Visa Vs Mastercard – Who Could Be The Winner For Investors?

MA: Mastercard logo

Mastercard (NYSE:MA) and Visa (NYSE:V) are two of the largest electronic payment networks in the world, powering credit and debit card transactions globally. The business has suffered this year as card swipes at physical retail stores plummeted. However, despite a sharp initial decline, both stocks are back where they were at the beginning of this year. So what comes next? If you were to bet on one of them, which one would you choose to park your money? Our assessment is that even though Mastercard is trading at a higher multiple, it may still turn out to be a better choice for investors. Our dashboard VISA vs Mastercard: Investors’ Choice gives further insights into historical performance of these two companies, and arguments around why Mastercard may currently be a better investment.


When we look at any investment opportunity – return is a key consideration apart from risk. Return is a function of buy price, sell price, and time duration. Let’s look at the buy price first. Currently, Mastercard is trading at a P/E of 39 and Visa is trading at a P/E of 35, which implies that you’ll pay $39 for each dollar of Mastercard earnings vs $35 for each dollar of Visa’s earnings. Mastercard is roughly an 11% more expensive investment than Visa, but is that extra money worth it? For this, we need to dig in deeper and look at profitability and growth.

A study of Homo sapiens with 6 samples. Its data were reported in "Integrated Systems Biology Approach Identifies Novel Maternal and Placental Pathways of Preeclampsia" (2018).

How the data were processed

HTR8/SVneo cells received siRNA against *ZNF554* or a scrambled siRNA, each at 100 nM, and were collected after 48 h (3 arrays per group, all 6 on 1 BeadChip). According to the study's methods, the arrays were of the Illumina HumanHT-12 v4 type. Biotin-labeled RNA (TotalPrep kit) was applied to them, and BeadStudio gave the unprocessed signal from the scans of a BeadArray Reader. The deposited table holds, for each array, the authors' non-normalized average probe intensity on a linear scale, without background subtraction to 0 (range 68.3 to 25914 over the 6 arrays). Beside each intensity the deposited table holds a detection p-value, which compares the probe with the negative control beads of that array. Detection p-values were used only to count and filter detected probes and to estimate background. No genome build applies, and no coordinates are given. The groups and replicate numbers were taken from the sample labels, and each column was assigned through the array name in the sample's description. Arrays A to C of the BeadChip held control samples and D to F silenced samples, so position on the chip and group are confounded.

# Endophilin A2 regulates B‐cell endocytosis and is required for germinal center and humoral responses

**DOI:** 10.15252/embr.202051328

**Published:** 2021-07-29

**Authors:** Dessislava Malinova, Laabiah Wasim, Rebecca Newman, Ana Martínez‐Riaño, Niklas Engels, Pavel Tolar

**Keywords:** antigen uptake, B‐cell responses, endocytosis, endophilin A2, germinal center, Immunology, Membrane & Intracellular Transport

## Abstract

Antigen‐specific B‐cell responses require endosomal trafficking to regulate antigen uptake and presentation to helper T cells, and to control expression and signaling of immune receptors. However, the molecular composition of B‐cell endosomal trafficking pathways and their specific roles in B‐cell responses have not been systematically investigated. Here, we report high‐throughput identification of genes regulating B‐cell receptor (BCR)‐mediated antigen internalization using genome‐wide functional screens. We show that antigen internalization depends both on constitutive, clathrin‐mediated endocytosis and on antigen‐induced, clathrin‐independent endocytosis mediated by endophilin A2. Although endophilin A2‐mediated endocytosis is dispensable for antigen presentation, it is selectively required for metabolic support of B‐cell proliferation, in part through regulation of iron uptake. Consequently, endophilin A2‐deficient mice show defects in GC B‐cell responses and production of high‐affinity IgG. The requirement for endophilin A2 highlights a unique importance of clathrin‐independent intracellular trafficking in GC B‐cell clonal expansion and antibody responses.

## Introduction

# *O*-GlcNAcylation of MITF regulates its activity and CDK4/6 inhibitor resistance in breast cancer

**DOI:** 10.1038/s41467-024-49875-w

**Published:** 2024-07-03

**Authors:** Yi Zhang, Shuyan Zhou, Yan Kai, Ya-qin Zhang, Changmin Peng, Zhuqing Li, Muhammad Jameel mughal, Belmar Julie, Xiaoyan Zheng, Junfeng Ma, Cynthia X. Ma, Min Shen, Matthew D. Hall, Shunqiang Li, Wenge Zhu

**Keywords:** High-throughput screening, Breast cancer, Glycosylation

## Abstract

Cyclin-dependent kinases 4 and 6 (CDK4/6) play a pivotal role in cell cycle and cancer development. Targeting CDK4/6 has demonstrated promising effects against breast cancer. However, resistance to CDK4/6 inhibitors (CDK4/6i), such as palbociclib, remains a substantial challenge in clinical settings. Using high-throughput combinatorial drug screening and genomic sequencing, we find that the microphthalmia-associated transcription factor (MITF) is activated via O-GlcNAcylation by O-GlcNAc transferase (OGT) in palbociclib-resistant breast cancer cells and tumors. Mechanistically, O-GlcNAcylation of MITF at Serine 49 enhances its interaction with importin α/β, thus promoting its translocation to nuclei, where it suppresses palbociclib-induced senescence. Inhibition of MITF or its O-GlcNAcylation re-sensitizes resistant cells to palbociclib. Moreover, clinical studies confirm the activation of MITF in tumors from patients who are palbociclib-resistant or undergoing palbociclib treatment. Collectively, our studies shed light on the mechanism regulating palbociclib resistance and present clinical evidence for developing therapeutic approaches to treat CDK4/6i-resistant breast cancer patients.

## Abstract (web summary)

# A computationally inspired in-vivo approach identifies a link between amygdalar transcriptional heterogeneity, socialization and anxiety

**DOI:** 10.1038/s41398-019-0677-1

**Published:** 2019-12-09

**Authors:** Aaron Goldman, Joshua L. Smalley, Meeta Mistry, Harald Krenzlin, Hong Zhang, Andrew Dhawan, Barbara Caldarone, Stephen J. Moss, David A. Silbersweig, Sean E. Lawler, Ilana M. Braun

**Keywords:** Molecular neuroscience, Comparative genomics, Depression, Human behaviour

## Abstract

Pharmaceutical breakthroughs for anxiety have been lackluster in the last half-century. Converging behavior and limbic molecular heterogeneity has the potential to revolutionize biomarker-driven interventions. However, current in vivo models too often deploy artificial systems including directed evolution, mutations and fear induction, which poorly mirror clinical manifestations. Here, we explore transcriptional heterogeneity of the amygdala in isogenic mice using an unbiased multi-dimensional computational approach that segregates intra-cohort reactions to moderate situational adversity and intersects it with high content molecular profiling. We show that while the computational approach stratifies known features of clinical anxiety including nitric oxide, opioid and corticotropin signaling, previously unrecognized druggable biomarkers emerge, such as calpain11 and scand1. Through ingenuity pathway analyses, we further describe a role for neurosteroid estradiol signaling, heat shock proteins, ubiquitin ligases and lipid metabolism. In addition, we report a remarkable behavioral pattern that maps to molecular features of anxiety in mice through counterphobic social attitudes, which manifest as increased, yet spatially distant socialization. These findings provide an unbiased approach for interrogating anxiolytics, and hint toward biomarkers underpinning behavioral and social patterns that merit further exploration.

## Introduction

Mastercard’s net margin for the last 3 years averaged 39% vs 46% for Visa. So far, Visa looks better given that you’ll pay less money for better margins. But that’s not all. Net margins can fluctuate because of non-operational reasons. So why not look at operating margins? The story is the same here – 53% for Mastercard vs 62% for Visa over the last 3 years (average). So are you really getting a better deal with Visa? Not so fast. We haven’t even considered growth yet. Mastercard’s average annual revenue growth between 2015 and 2019 was 14.9% vs 13.4% for Visa. Not much difference here, but here is the twist – If we look at just the last 2 years, we find that Mastercard has accelerated its growth to 16.3% while Visa has slowed down to 11.8% . Perhaps this is why the market is pricing Mastercard higher?